Sanitation is a fundamental aspect of food safety, as safe food cannot be produced in the absence of hygienic conditions. Sanitation includes the methods, procedures, and chemicals used to clean food processing equipment, as well as hygienic design of facilities and equipment and food worker hygiene.
Biofilm is a colonial structure formed by microorganisms in order to survive and adapt in adverse environmental conditions. Biofilms formed by bacteria in food processing facilities can lead to transmission of disease, food contamination, spoilage of food products, and/or damage to food production surfaces.
Clean-in-place (CIP) describes systems and equipment used in food processing that can be cleaned and sanitized without being disassembled or moved. Clean-out-of-place (COP) denotes systems and equipment that must be disassembled, relocated, or specialty treated in order to clean and sanitize them.
Environmental monitoring is a process used in food processing facilities that assesses how effectively the plant is being cleaned. This typically means swabbing various surfaces for pathogens and performing a lab analysis of these samples.
Food production and processing facilities encompasses everything from processing plants to storage and warehouses to retail and foodservice outlets. It also includes the equipment used to facilitate the production, processing, transport, and distribution of food.
Pest control focuses on preventing insects and animals from entering agricultural areas, food processing facilities, storage facilities, or food shipments in transit so that harborage points are minimized and food safety and quality are not compromised.
Sanitation Standard Operating Procedures (SSOPs) are written procedures or programs used to maintain equipment and the facility environment in a sanitary condition for food processing, and are a fundamental part of a food safety plan.
The Center for Produce Safety has provided insight into an ongoing study funded by the center that is examining the efficacy of superheated steam, also known as “dry steam,” as a sanitization method for dry food production environments. The researchers are looking for industry respondents to fill out a survey on the financial realities of this technology.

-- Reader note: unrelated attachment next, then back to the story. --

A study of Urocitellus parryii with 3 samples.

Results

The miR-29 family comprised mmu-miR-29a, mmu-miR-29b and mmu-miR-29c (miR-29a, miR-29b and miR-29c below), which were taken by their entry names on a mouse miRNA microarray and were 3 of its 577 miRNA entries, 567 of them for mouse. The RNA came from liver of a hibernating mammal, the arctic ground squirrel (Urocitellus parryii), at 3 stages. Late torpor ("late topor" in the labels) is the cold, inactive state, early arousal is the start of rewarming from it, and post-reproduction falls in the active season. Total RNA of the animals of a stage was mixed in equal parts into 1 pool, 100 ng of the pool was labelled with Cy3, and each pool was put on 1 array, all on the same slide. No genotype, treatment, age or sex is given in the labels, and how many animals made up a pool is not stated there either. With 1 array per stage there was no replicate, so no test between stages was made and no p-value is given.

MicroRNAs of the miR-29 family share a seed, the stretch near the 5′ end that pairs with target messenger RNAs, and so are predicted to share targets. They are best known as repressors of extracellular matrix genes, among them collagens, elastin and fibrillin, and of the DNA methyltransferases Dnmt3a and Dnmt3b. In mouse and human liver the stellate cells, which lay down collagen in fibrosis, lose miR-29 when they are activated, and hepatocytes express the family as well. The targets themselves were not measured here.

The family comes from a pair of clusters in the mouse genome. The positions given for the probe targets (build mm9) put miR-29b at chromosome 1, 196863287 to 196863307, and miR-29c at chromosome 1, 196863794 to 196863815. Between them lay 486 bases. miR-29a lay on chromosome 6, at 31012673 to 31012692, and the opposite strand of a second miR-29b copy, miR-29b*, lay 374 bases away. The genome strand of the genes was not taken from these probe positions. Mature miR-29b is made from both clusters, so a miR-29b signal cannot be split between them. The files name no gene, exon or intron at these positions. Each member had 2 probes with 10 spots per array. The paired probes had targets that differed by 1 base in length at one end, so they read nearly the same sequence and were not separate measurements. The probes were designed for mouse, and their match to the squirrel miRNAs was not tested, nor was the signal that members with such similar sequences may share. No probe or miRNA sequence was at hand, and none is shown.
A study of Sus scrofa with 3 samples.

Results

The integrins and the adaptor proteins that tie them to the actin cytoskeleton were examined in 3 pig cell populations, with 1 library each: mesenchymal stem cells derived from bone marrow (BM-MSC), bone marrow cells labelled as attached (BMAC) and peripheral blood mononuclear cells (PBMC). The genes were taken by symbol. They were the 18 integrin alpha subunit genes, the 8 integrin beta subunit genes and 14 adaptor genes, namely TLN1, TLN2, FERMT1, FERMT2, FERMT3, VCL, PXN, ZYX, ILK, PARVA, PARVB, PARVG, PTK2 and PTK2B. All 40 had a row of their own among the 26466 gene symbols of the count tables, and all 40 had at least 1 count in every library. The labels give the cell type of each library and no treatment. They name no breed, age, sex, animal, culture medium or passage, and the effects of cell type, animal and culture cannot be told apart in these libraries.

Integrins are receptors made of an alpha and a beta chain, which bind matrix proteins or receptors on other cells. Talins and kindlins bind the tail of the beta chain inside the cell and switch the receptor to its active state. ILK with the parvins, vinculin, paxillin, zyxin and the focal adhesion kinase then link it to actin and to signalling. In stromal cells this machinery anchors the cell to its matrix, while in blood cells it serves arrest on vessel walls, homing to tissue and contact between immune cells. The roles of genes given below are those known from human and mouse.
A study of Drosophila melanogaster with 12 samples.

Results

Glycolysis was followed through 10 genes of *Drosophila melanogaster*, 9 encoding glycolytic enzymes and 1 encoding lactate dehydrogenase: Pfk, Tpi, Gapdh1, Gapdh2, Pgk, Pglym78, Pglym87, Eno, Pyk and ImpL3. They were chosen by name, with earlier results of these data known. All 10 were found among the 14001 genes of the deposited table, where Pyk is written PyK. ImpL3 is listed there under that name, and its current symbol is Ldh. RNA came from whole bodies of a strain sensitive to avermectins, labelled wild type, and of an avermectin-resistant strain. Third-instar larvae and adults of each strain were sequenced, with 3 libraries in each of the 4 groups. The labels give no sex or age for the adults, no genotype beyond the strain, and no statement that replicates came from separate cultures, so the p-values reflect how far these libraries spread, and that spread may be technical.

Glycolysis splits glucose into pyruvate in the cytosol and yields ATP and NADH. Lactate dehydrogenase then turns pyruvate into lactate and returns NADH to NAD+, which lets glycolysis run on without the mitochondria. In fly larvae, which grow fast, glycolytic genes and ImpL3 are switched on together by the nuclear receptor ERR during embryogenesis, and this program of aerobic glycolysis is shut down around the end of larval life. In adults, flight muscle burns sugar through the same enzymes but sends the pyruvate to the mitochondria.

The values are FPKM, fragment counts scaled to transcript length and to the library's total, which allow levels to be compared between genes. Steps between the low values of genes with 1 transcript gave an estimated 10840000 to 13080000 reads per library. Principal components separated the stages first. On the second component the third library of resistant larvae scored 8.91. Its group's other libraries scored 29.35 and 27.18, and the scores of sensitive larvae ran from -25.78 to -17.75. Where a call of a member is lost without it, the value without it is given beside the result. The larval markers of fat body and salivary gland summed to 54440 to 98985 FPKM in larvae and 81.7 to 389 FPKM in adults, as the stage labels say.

Ongoing research funded by the Center for Produce Safety aims to evaluate the efficacy of commercially available sanitizers against common foodborne pathogens and biofilms encountered during tree fruit harvesting, and then conduct a validation study of the best-performing treatments at commercial facilities.
Researchers are exploring the use of superheated, dry steam to clean food manufacturing facilities where the use of traditional wet sanitation is limited, such as in produce packing facilities and low-moisture food processing plants.
Sanitation is one of the most important, if not the most important, departments in the food manufacturing plant. The actions of sanitation personnel mean that production starts the day with clean equipment and a clean environment, and this helps maintain sanitary conditions during operations to prevent food safety hazards or quality failures.
The fall and winter seasons bring new challenges for food processing facilities and the teams that work to maintain them. One of the most notable challenges they face is increased pressure from rodents that seek out food and shelter within these facilities when outside temperatures fall. A rodent infestation can lead to a facility being shut down if the problem is not addressed promptly and properly.
Many methods are available for verifying the viability of a sanitation program, and most facilities use a combination of different methods to ensure that the sanitation program is performing as expected. Pathogen environmental monitoring (PEM) programs are a key prerequisite program to a sanitation program and to any facility's overall food safety program. There is no one-size-fits-all PEM program for facilities; rather, a PEM program is based on a facility's risk factors and what product(s) the facility manufactures.
SmartWash Solutions has announced its new EPIC Panel Sterilight, a patent-pending product designed to safely and automatically kill Listeria monocytogenes and other pathogens inside control panels, which is an often-overlooked source of cross-contamination in the food industry.
On Demand:This webinar will present recent research from the University of Wisconsin–Madison demonstrating this ATP-depletion phenomenon and how processors can guard against such false negative assessments.
From this webinar, attendees will learn best practices for low-moisture/dry sanitation programs, environmental monitoring, hygienic design, and how to establish and enforce controls for Salmonella and Cronobacter.
Live Streaming at Food Safety Summit on May 9 at 1:00 pm CDT: In this session, leaders in food manufacturing sanitation will share their experience in how to increase the efficiency and precision of sanitation programs for root-cause analysis of food safety and quality issues.